The following piece was contributed by Hillary Martin, and is about self-love (the non-gimmicky kind) and growing into oneself.
My whole life has been leading up to one quiet moment. It happened last night, when I thought to myself, “I choose you.”
I was sitting on one end of a red couch, opposite the man that I love, as we gently explained to each other with teary eyes the things about our relationship that weren’t making us happy.
I looked at this man and his arms that can wrap all the way around me and, in an instant, make the world feel safe. I thought of the way he makes me laugh, and the way that we so fiercely believe in each other. I could feel the ghost of the way the soft skin of his cheek feels when it is pressed against mine. I listened to his words, and I felt in my belly that everything he needed was deeply valid.
What was so new about this particular moment, however, was not that I knew with certainty that he deserved to have his needs met and feel truly happy. It was, instead, what I wholeheartedly felt about myself as we moved through this painful conversation: that everything I needed was valid, too.
With all of our messiness and baggage and fears, the two of us were both OK and worthy of love — just as we were; myself included. And as the thought, “I choose you”, entered my mind, I decided that no matter what happened, I would hold my own hand and I would not condemn myself for my flaws.
When I say that my whole life was leading up to this moment, I mean that it has taken all my 30 years to really believe that I deserve to be my own caretaker just as much as anyone else deserves my care. And this is, without a doubt, a political issue.
As a little girl, I learned that my most valuable attribute was being adaptable to others. I learned that I should first and foremost, be liked by everyone. So, instead of developing my own interests and hobbies in adolescence, I became an expert at losing myself into other people’s worlds and expectations.
In young adulthood, as is almost always true for the ways we learn to cope with the world in early years, my fool-proof approach to life suddenly went from keeping me safe to causing me great pain.
One day, I decided quite consciously to stop eating. I didn’t know who I was, but damnit, I knew I could be thin. (In our society, everyone likes thin people.) I launched myself into nearly a decade of battling Anorexia and perfectionism.
Women are supposed to want to be small. We are supposed to believe that the smaller we are, the more worthy of love we are. If we are busy wanting to be small (literally and symbolically), we are focused on pleasing the eyes of others instead of creating a home in ourselves and allowing ourselves to have an impact on the world around us. We are busy thinking that making other people comfortable is more important than making ourselves comfortable. We lose track of caring for ourselves.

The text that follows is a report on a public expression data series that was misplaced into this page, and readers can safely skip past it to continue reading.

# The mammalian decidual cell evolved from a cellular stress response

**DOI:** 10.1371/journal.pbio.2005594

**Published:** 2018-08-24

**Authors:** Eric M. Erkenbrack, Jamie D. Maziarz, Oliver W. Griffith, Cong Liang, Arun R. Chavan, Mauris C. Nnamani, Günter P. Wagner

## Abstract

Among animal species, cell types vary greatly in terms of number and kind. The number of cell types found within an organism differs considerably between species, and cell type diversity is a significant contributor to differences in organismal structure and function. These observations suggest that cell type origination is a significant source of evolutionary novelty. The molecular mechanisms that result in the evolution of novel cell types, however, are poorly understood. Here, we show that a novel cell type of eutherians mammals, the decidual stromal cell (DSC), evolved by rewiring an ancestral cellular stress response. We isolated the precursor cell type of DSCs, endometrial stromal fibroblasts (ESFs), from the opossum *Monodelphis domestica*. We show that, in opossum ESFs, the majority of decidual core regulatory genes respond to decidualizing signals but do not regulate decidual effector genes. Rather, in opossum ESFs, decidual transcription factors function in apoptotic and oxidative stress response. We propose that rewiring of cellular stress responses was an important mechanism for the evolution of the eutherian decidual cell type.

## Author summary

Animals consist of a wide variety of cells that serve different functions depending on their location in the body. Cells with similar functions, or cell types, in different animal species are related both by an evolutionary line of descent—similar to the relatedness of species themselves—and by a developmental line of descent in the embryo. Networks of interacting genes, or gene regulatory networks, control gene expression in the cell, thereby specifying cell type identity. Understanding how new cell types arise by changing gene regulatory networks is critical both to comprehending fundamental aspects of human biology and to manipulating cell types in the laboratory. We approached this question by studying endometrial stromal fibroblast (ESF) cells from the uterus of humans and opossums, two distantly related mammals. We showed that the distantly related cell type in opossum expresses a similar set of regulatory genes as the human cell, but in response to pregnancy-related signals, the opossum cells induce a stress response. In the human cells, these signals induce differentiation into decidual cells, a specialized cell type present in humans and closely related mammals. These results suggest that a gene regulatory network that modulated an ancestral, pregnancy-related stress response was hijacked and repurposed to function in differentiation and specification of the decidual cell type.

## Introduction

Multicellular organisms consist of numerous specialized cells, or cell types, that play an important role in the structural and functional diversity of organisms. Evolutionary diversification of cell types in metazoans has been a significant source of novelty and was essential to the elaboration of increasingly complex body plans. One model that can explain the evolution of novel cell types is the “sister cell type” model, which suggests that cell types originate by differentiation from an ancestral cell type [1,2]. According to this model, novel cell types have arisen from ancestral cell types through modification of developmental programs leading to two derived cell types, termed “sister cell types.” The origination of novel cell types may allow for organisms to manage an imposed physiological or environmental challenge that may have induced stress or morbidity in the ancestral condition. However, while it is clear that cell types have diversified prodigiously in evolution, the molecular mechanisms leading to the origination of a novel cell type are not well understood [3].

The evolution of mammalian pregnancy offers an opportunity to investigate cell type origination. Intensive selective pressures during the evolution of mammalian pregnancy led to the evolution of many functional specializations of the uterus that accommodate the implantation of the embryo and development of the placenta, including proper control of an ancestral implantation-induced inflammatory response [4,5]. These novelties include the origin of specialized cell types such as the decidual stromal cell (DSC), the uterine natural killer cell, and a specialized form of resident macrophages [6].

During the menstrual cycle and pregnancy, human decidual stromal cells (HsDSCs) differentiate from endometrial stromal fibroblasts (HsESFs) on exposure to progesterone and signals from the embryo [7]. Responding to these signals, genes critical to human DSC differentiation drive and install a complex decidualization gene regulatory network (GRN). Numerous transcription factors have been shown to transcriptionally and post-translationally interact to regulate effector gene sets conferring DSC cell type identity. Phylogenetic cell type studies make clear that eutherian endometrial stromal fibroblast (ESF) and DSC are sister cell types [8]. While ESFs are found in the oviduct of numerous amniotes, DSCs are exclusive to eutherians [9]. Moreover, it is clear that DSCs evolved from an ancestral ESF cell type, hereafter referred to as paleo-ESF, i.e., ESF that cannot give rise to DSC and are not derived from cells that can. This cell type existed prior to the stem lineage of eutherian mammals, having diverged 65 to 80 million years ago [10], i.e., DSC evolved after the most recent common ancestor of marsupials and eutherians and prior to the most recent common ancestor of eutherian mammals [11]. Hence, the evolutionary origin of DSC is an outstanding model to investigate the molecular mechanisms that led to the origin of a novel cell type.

At the very same time, in our culture where the terms “self-love” and “self-care” are thrown around left and right, we are receiving the message that we are supposed to know what this means and how to access it; but in my experience, self-love is a clumsy and tremendously arduous endeavor.
In lonely times, we are casually delivered sentiments like, “You have to love yourself before someone else will be able to love you,” which, in my experience, are saved predominantly for women and only reinforce the felt-truth that we are not worthy of love just as we are, or with the needs we have in this very moment.
Five years ago, I began therapy with a wonderful, nurturing clinician who began telling me to develop my own internal caretaker, and for quite a while (years, really), I nodded along, but inside I hadn’t a clue how to make myself believe that I deserved my own love, regardless of whether I was slogging through the mud or soaring through the clouds.
Through various kinds of heartbreak, loss, and uncertainty over the years, I started saying hollow words to myself. I would look in the mirror and tell myself, “you matter”, and feel nothing. When I was scared, I would imagine hugging my inner child and say to myself, “I’ve got you,” but I would feel no comfort. I kept going, however, and slowly the words have developed grit and I’ve started to believe them.
Last night I finally believed that I would take care of myself no matter what, and I finally understood why it’s so important that I do that, first and foremost.
Perhaps one of the biggest lessons from all of this is to trust the messy process.
You are valuable, lovable, and worthy of your own care no matter what your journey looks like.
My hope for you is that you look in the mirror today and tell yourself something that you need to hear, whether you believe it right now or not. Someday, you will.